Boy’s best friend
There’s no disputing that dog is man’s best friend.
That’s especially true when your dog can alert you to medical problems before they become lifethreatening.
Marek Rinehart is a 7-year-old boy from Chester Springs who loves dirt bikes, skateboarding, learning about U.S. military history and has aspirations of becoming a Marine. Marek also unfortunately has Type 1 Diabetes, an autoimmune disease that comes with a variety of other risks including the possibility of coma, seizures and organ failure associated with Hyperglycemia and Hypoglycemia.
“Up to eight times each day, and overnight, Marek must have blood taken from his fingertips and tested in a blood glucose meter,” said Victoria Rinehart, Marek’s mother. “He gets 180 shots a month and it’s amazing how well he’s done with it. He’s had to do things that most adults can’t deal with.”
Exercise, stress and illness can all affect the levels of glucose and sometimes it will change for no apparent reason at all, she said. Additionally, the FDA allows for a 20-percent margin of error in the number the meters report.
Having questioned the reliability of the meters, the Rineharts decided that they would go a different route when it came to monitoring Marek’s levels, and they are hoping to raise the money to get a diabetic alert dog for Marek to have by his side at all times.
“The people we know say they trust the dog over a pump for reliability. In a lot of cases the dog was correct over the monitor. I did a lot of research online for companies and options. You can have them trained based on your needs,” Rinehart said.
The dogs are trained to alert owners to any changes, high or low, in glucose levels of the blood up to a half an hour before the change becomes dangerous. In addition, they are also trained to alert someone if a handler becomes unresponsive and can also give the handler comfort during any painful procedures they endure related to Type 1 Diabetes.
The Rineharts are seeking a dog through Diabetic Alert Dogs of America, an organization that trains dogs extensively in identifying changes in a diabetic person’s glucose levels. The process works by identifying the specific needs of each applicant and matching them with a dog who is specifically trained for that purpose. Once the needs have been determined and the puppy is born, it is trained almost from birth to identify blood glucose level changes for their specific handler.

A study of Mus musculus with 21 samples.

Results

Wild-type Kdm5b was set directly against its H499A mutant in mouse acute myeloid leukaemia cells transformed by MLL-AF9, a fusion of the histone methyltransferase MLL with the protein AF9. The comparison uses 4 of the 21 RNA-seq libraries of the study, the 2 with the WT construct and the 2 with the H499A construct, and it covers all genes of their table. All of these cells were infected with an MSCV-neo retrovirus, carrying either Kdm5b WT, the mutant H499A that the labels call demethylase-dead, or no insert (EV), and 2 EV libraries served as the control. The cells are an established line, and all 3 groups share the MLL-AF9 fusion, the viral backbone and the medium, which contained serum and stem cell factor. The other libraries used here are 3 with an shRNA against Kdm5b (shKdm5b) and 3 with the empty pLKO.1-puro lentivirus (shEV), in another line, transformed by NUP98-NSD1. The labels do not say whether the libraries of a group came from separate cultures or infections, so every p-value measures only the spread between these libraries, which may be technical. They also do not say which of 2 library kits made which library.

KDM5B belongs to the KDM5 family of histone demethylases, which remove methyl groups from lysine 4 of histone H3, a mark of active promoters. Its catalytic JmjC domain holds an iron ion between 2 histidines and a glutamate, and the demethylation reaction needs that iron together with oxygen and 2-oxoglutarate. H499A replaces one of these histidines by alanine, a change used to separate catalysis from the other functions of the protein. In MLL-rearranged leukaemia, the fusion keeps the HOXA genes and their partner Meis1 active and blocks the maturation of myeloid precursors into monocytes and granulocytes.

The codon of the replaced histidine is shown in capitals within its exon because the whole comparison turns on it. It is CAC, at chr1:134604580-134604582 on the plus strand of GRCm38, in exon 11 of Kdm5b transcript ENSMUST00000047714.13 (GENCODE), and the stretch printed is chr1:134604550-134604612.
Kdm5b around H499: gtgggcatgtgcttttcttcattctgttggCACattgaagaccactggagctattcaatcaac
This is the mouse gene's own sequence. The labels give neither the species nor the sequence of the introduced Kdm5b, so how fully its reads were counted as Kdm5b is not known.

“His diabetic alert dog will be scent-imprinted to the chemical change that occurs in Marek’s body when he experiences Hyperglycemia and Hypoglycemia,” explained Rinehart. “This is done by sending samples of Marek’s saliva to the trainer to use with the dog. Other training Marek’s diabetic alert dog will receive is service including extensive obedience training and retrieval of Marek’s medication bag upon alert.”
Once the dog has been selected, the family receives updates and pictures of the dog until eventually training is complete and the trainer brings the dog to the family’s home. So far, the family has decided on a Weimaraner and Marek is hoping to name the dog Minecraft, after one of his favorite games.
“He’s really excited about it,” said Rinehart. “He’s the oldest of his siblings and they want the dog to come and help him because they’ve seen it and it’s scary.”
But the security of a specifically trained fourlegged friend comes at a high cost.
Families seeking a diabetic alert dog can expect to pay about $25,000 for it’s training and insurance, which is why the Rinehart family has begun fundraising.
“Anything that helps safeguard my son’s life is worth any amount to me,” said Rinehart. “I will do everything in my power to make sure he gets his service dog.”
In addition to a Go-
FundMe page that the family has set up, they will also be fundraising today at Pottstown Advance Auto Parts, 12 Moser Rd.
Advance Auto Parts has been supporting the Juvenile Diabetes Research Foundation, of which Marek Rinehart and his family are members, for 23 years.
“It’s hard on Marek to have to take time away from his activities to check his blood glucose levels, receive medication and explain to other children and adults about the disease, but he is very brave in managing it all,” Rinehart said.
To learn more or to donate visit www.gofundme. com/mct1dk9.
Marek Rinehart, 7, was diagnosed with Type 1 Diabetes at age 6. Marek’s family is fundraising so he can have a diabetic alert dog that will let him know when his glucose levels are reaching dangerous levels.